Daily News Archives
From March 24, 2005
Toxic Chemicals in Household Dust
The 44 chemicals that the study looked for fell into six classes of chemicals that are common in consumer products: phthalates, pesticides, alkylphenols, brominated flame retardants, organotins and perfluorinated compounds. The chemicals are used in a wide array of consumer products, including cosmetics, detergents, vinyl flooring, computers, and upholstery--household goods many people assume are safe. All the chemicals tested are legal despite the fact that they have been shown to cause reproductive, respiratory and other health problems in humans or test animals. The most common pesticides that were found were: DDT, pentachlorophenol, permethrin, and piperonyl butoxide.
Babies and young children are particularly at risk from exposure, the report says. "Why take a chance with the lives of our children?" asked Beverley Thorpe, international director of Clean Production Action during a press conference to release the report. "Manufacturers and retailers need to stop using toxic chemicals which are building up in our bodies and switch to safer alternatives which are readily available," reported the Environmental News Service.
Clean Production Action, along with a coalition of 9 environmental groups that helped in the research, recommends an overhaul of federal chemical regulations parallel to the process taking place in Europe. "This study shows that the US federal regulatory system has failed in protecting people from exposure to hazardous chemicals including toxic flame retardants, pesticides,and hormone disrupting chemicals. Exposure to these chemicals is unnecessary and avoidable," states the executive summary of the report.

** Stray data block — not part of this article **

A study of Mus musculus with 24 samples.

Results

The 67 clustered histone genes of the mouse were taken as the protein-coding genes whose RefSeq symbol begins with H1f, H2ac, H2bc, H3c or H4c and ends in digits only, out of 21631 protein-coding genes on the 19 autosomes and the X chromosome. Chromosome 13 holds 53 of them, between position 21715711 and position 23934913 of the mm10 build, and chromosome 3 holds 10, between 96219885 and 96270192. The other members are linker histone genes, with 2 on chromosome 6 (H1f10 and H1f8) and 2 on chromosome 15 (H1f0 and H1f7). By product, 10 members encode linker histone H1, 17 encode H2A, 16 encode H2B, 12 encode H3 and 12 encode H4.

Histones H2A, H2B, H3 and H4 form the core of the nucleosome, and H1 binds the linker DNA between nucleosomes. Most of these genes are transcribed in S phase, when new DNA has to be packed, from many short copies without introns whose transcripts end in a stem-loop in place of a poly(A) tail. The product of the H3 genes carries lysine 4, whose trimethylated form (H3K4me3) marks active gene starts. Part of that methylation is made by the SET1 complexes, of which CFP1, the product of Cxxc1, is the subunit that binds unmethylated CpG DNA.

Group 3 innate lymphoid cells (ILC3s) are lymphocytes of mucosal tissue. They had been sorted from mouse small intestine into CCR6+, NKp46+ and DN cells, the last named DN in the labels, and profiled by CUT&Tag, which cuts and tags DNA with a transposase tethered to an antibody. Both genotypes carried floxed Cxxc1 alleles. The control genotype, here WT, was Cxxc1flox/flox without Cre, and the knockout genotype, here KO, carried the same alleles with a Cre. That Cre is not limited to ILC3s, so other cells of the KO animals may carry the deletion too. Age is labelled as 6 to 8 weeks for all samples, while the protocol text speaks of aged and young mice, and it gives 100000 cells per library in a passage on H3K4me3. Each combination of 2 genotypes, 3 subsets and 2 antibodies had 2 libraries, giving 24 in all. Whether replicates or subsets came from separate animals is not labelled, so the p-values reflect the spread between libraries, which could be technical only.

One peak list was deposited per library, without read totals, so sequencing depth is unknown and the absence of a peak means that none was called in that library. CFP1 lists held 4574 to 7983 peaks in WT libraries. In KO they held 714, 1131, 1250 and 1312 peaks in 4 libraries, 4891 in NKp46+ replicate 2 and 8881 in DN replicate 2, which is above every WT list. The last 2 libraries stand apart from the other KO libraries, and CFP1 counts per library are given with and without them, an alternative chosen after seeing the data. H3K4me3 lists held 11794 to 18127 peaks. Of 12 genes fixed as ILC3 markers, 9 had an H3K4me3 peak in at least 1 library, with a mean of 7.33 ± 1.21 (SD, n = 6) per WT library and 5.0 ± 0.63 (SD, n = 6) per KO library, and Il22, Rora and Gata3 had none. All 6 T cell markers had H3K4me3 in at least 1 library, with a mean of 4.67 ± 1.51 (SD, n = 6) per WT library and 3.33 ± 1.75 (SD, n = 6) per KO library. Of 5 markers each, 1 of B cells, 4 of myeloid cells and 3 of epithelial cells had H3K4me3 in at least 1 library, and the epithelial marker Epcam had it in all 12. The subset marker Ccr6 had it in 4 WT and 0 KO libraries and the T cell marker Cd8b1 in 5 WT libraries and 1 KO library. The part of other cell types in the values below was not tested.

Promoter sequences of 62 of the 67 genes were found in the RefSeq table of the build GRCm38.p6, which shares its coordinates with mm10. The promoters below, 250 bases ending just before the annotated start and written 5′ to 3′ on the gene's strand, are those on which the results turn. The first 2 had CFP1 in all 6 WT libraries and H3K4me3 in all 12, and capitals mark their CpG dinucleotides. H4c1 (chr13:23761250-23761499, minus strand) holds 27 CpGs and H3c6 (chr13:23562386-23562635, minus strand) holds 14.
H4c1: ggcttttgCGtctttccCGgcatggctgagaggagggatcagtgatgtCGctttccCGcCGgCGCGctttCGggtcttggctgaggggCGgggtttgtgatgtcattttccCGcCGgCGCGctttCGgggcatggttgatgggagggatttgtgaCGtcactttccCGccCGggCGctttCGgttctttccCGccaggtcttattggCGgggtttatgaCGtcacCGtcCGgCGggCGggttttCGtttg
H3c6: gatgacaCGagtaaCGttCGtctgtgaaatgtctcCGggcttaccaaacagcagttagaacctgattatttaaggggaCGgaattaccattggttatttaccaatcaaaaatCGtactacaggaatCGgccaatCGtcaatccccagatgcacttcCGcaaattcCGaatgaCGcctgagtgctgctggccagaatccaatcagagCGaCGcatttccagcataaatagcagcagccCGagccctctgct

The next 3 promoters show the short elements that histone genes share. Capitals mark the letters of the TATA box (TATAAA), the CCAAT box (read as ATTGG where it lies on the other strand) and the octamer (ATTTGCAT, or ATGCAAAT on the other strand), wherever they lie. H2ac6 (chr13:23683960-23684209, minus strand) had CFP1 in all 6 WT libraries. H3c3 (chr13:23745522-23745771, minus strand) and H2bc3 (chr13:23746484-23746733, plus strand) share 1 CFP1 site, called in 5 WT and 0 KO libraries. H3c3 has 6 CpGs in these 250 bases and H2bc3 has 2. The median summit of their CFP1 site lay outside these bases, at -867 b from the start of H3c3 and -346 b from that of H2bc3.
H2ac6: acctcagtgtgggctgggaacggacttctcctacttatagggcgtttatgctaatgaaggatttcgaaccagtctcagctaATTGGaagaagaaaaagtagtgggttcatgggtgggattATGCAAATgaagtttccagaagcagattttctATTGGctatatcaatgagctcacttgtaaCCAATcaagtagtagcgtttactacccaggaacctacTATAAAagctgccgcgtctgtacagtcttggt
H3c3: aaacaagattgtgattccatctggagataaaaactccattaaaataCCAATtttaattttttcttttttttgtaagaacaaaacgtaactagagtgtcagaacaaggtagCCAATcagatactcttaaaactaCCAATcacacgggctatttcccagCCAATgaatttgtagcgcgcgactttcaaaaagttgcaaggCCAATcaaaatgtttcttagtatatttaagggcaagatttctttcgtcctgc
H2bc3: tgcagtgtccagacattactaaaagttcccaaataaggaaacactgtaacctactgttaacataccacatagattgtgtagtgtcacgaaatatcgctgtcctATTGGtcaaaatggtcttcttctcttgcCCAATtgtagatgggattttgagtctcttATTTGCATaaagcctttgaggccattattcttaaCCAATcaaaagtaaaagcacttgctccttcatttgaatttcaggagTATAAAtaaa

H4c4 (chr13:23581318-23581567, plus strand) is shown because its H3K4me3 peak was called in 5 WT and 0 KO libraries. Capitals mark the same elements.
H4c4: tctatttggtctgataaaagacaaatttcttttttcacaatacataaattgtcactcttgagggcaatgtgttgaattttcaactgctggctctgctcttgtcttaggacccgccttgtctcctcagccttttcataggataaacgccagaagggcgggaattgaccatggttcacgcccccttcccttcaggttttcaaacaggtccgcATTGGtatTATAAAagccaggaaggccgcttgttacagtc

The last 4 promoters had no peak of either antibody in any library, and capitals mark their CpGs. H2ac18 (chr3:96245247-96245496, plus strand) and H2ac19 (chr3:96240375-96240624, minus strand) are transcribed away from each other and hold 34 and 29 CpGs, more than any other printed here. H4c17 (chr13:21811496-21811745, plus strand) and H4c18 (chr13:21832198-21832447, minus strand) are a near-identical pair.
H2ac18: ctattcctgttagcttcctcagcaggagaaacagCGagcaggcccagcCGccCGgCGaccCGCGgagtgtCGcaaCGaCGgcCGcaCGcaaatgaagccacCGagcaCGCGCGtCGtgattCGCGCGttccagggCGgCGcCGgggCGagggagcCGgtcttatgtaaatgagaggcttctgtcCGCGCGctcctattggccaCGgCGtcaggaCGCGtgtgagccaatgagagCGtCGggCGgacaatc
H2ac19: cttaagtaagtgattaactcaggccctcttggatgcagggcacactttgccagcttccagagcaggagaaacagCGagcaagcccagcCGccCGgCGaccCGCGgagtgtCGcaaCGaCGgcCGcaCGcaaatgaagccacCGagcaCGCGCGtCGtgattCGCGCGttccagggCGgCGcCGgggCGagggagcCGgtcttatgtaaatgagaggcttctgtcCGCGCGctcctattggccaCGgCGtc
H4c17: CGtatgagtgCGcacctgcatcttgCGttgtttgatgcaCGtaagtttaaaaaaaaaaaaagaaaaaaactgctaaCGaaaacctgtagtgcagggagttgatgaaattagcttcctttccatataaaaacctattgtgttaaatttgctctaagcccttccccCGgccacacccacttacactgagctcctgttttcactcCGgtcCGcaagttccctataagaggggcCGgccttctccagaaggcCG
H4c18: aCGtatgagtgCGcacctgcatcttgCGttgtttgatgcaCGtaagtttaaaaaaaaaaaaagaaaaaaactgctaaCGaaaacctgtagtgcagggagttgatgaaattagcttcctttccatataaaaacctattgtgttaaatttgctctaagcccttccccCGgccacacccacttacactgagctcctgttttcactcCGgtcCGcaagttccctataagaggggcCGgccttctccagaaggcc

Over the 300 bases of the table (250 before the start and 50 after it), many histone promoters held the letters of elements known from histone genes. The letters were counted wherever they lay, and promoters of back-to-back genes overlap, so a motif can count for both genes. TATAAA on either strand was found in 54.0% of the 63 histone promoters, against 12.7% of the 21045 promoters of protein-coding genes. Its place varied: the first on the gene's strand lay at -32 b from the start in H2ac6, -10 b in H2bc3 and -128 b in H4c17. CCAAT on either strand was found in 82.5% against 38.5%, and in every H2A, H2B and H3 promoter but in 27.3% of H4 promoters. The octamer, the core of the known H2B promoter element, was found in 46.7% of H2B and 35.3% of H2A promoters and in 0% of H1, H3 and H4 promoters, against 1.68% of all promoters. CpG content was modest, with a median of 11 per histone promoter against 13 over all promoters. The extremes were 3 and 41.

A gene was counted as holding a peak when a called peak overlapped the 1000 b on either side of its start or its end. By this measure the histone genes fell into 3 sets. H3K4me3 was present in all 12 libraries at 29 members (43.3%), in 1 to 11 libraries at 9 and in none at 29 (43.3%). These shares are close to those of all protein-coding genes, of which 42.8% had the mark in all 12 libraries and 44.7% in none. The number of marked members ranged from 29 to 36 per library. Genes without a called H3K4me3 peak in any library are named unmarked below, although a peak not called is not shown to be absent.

ACTION: Read the "Sick
of Dust Report" to learn more about the study. While many of
the toxic chemicals in the study impossible to avoid in everyday life,
you can choose to avoid pesticides. Beyond Pesticides offers
a plethora of non-toxic alternatives
to pesticides. Learn how you can protect your children and loved ones
from the effects of pesticides in your home, on your lawns, in schools,
in hospitals and other public places. See Beyond Pesticides Alternative
Fact Sheets, How-To Factsheets,
information on keeping pesticides out of schools,
information on organic food, and
any of our other available materials and publications.